The rise of 3D printing and its fast-expanding applications are remarkable, from recreational hobbyist fun to medical applications such as replacement muscles and organs. Simkiss & Block is seeing the topic arise increasingly frequently, especially among our industrial and manufacturing clients. While 3D printers have the potential to supplement multiple areas of these companies’ supply chain processes, they are not without risk, including in the following areas:
- Design and intellectual property infringement—A company or individual could acquire unlicensed versions of your company’s design files and produce their own copies. Or, you could be subject to allegations that you infringed on another company’s designs and produced unlicensed copies with a 3D printer.
- Quality of the raw printing materials—Depending on the quality or type of raw printing materials, the product could be flawed and unsafe.
- Brand reputation—If the 3D printer is calibrated incorrectly or if the raw printing material is of poor quality, your company may risk distributing defective materials and/or products, which could then damage your company’s reputation.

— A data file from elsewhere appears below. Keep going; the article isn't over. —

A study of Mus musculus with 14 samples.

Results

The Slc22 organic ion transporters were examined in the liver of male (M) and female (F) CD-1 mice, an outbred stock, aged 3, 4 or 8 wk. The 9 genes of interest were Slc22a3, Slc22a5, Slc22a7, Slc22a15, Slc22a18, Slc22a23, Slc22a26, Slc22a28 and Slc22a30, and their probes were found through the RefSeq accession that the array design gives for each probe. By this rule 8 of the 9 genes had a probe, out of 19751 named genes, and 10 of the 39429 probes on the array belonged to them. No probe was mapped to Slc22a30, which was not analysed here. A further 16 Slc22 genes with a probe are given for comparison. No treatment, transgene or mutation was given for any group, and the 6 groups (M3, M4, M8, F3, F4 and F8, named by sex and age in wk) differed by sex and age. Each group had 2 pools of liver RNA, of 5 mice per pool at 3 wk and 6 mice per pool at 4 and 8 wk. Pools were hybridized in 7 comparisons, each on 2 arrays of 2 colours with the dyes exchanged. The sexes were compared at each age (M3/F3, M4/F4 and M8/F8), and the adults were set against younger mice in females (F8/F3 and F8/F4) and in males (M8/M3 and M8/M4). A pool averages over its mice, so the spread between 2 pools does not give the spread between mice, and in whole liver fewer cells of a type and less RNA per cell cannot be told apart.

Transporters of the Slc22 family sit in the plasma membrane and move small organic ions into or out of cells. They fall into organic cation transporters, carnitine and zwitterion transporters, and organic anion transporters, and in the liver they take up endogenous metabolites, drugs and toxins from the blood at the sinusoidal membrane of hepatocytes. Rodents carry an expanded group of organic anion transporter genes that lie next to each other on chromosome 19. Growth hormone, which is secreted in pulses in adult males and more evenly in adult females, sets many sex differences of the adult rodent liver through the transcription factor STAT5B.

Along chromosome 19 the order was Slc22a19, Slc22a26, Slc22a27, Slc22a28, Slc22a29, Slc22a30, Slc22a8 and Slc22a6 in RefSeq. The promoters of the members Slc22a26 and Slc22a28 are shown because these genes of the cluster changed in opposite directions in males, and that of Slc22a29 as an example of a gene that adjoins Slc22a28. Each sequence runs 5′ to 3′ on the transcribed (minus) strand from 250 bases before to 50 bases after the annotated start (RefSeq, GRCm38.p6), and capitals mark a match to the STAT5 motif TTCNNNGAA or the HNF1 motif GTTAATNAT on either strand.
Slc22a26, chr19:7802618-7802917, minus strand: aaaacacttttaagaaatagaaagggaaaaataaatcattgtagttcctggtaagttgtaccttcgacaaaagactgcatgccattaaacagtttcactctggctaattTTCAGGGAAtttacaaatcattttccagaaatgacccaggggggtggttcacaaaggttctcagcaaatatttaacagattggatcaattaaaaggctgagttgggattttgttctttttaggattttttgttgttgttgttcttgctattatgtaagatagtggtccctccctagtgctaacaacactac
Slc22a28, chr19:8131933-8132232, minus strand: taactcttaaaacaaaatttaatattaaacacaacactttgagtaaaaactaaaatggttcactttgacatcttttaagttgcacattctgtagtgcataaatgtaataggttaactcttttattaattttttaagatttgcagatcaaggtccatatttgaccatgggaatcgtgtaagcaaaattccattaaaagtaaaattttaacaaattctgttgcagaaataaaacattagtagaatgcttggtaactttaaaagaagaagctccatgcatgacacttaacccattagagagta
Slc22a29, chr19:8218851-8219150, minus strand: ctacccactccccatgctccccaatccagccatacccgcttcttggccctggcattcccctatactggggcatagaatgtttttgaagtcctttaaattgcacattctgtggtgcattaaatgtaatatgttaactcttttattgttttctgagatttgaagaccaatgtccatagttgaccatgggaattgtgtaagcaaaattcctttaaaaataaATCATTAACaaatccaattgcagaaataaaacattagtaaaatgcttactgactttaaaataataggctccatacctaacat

- Unclear supply chain network—3D printers used within your supply chain could make it difficult to discern the origin and quality of the materials and/or products, exposing you to regulatory risks.
- Product liability—If a 3D-printed product that your company produced, installed or distributed failed, and caused an individual to sustain injuries, you may be held liable.
- Fire damage caused by the heat generated from the machine—While the 3D printer completes its task, it could become very hot, creating a potential fire hazard.
With careful planning, 3D printing may be a very effective element of a company’s supply chain. However, the technology is not a cure-all, and Simkiss & Block recommends that such applications be just one element of a comprehensive risk management plan that emphasizes flexibility and efficiency. Contact us to discuss any of your risk management needs.